Sunday, October 3, 2010

108. The Little Things

"Oh my god. They used Comic Sans on the entire menu."
"Oh, and check out this low-res image of a box of Cheerios."
"And the missing punctuation in this description makes absolutely no sense."

That's what happens when you have a family full of graphic designers and journalists sitting at a table. Other families pray before they eat. Not my family. We critique the menu (and the tacky mural on the wall)... religiously.

Mom rolled her eyes, and Cayden looked around at us in amusement. Mom says we get our creativity from Dad, but I've seen her get pretty creative when it comes to finding out when we're lying to her. She's full of tricks.

Of course, we all ordered more than we could eat, and Cayden got to try biscuits and gravy for the first time. I'd been trying to explain what a biscuit was for the past couple months. I guess over there, "biscuit" means "cookie." But "cookie" also means "cookie," and "shattered" means "tired" and "nigling" means "annoying" and the phrase "I can't be bothered with that" isn't actually as rude as it sounds, so consider me stumped.

There was never a break in conversation at the table. My family is rarely quiet, even with our mouths full we tell embarrassing stories and break out in laughter and the fear of food launching out of our mouths during an explosive laugh is something we've come accustomed to. So when we add a new person to the mix, we're never quite sure how they'll fit in. Will they back off in intimidation and look for an escape route? Or will they shoot tea out their noses from laughing so hard? Lucky for me, Cayden did neither. He was just there, like he was supposed to be there. Like he was a part of our crazy family.

By the time we left the restaurant, our bellies were stuffed with pancakes, biscuits, bacon, omelets, toast, coffee, and tea. All I wanted to do was get back to my parents' house and take a nap with Cayden. But all that changed as soon as we got home and I remembered my beloved Sooners were playing Florida State at 2. Cayden and I had scheduled an appointment to tour the Davis Building downtown at 1 p.m., but I called to reschedule for 4.

We claimed the best spots on the leather couches and huddled around my parent's 55" high-def flatscreen. I realized right then that I had everything I could possibly want: my Sooners, my family, my Cayden, and a Leffe. I didn't want the game to end. I didn't want that moment to end. I wanted to sit there drinking beer and watching football with Cayden forever. It's weird how much I treasured that moment. You'd think I'd treasure the couples' massage or the meet-the-family dinner the night before (don't get me wrong, I loved those moments), but it was the little things I missed when I wasn't with him. Just holding his hand, telling him a goofy story face-to-face, or even just sitting there screaming at the TV screen, those were all things other couples take for granted because they don't have time to realize how important it is. Put 5,000 miles between them, and those are the first things they'll miss.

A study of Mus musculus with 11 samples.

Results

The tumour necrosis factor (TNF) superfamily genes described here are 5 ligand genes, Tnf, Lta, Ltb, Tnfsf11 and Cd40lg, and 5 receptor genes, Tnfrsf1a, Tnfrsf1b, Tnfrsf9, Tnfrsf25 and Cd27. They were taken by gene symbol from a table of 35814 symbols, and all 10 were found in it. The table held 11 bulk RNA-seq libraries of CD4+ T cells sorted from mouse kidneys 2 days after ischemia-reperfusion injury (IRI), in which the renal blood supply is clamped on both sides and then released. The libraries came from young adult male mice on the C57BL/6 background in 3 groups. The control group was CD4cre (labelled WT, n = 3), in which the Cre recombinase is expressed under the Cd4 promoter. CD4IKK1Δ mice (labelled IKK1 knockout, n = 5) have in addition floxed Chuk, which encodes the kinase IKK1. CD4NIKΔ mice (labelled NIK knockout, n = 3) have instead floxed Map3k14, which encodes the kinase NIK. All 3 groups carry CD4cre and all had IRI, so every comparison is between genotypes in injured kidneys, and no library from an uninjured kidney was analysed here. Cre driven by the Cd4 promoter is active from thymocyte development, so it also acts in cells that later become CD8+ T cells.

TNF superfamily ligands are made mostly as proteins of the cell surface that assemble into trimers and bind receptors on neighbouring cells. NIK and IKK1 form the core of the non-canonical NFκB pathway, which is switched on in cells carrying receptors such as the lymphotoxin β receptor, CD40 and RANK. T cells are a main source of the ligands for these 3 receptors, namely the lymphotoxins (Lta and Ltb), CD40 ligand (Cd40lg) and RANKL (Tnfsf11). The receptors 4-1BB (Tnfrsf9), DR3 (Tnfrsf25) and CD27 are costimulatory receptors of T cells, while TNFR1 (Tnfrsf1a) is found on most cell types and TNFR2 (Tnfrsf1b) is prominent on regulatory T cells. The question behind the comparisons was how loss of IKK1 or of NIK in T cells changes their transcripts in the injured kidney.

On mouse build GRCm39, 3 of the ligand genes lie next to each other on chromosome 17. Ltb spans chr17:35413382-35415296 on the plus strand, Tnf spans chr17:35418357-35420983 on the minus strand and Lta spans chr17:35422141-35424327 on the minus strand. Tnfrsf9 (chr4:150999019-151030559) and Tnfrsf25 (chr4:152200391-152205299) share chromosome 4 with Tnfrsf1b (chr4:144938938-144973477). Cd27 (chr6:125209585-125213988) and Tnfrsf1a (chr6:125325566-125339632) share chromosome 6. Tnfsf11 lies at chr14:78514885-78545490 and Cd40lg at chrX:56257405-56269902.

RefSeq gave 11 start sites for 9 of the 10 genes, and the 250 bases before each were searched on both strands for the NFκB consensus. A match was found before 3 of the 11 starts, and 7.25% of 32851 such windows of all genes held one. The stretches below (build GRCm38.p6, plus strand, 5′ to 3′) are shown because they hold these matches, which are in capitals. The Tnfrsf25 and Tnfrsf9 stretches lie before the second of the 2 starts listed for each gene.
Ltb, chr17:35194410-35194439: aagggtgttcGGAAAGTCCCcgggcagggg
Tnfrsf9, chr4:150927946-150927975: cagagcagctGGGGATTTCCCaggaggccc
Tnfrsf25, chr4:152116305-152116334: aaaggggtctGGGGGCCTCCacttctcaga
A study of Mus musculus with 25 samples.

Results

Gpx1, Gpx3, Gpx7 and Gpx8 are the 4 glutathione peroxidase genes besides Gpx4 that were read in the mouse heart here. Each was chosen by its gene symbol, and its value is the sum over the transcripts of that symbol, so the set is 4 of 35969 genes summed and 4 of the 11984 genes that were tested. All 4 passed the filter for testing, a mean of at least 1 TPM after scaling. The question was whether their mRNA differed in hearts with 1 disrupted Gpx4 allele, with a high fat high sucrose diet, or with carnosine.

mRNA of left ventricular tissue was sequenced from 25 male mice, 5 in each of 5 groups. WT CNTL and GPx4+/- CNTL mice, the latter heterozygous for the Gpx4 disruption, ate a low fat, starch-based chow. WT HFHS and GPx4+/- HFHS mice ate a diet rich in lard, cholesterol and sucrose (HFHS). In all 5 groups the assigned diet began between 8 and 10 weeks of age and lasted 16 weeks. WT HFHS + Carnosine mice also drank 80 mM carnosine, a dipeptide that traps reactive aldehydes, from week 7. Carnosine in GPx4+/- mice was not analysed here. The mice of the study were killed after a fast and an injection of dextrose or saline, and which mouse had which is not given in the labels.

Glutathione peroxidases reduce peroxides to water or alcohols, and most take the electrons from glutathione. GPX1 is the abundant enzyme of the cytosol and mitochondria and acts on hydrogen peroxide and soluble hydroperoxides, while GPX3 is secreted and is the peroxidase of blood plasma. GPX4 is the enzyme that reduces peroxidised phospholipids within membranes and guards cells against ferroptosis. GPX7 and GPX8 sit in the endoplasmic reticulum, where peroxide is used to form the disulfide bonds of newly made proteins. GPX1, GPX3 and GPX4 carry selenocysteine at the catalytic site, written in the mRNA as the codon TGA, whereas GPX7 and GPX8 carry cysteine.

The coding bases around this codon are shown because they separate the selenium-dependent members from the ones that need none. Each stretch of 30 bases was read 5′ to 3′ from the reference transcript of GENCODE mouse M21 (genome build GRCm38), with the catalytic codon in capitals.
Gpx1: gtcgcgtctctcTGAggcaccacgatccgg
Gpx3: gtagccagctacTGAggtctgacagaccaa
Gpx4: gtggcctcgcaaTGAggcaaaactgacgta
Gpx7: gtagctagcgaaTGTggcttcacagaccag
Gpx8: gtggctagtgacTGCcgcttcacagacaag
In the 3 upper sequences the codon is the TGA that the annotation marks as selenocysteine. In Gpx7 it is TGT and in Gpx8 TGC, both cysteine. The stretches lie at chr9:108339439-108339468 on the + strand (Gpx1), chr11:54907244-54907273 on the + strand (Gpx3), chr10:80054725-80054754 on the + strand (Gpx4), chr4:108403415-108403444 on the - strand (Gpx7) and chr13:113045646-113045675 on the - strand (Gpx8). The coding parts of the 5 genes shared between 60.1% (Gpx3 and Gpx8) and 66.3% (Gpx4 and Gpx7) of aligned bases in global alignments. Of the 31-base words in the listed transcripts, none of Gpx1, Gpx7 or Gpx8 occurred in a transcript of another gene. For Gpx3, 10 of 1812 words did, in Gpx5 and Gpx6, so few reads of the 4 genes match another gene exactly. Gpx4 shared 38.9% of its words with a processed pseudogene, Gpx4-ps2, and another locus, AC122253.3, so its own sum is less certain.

The time was ticking, my Sooners were winning, and it was almost time to leave to go downtown for our tour. I wanted to stay a while longer, skip the tour and just enjoy sitting there with him and my family a little longer. But I knew he wanted to see more of downtown. He was only in town for a few days, so I doubted he wanted to waste his time being a couch potato with my family.

Around 3:30 I pulled myself off the couch and stretched. I looked down at him, sunken into the couch enjoying his beer.

"Well, I guess we should head out if we want to get there in time," I said, reaching down to offer him a hand up.

He grabbed my hand but didn't make an effort to stand.

"Or, we could stay right here," he said, pulling me back down next to him.

I couldn't have been happier. It meant so much to me that he was enjoying the little things as well.

My Sooners won 47-17.

Our dinner reservation was at 8 p.m. so we both needed to get back to my place to shower and change into our fancy clothes. We left my parents' place around 6, barely giving ourselves enough time to get ready. Sadly, I hadn't had time to buy a new fancy dress before Cayden got here, but that's one of the other perks of having two sisters.

"I have just the dress for you," Meg said, pulling me upstairs. "It's my New Year's dress."

She pulled out a short black dress with a silver strap that swooped down, making one boob silver as well. Hard to explain, just take my word for it, it was beautiful.

"Perfect! This will look great with my stripper shoes!" I said, holding the dress up to me and looking in the full-length mirror.

"Stripper shoes?" she asked.

"Yeah, I'm taking a pole dancing class, didn't I tell you? We're barefoot for the first half of class and then we throw on our heels and strut our shit all sexy like!" I said.

"Can I join?"



  1. "Put 5,000 miles between them, and those are the first things they'll miss."
    This brought me to tears. It hurts terribly, yet dulls the pain, knowing that someone else knows exactly what I (or we) are going through.

    71 more days until the 5,266 miles from Chile to Arizona are a thing of the past!!

    Thank you for such an amazing blog Whitney.

  2. That whole "misery loves company" saying is so damn true. I wish it weren't, because I should hate to hear that other people have to go through this. But instead it's relieving. Also, can I come visit you in Chile!? 71 days? I'll keep counting down with you.

  3. my fav line: Put 5,000 miles between them, and those are the first things they'll miss.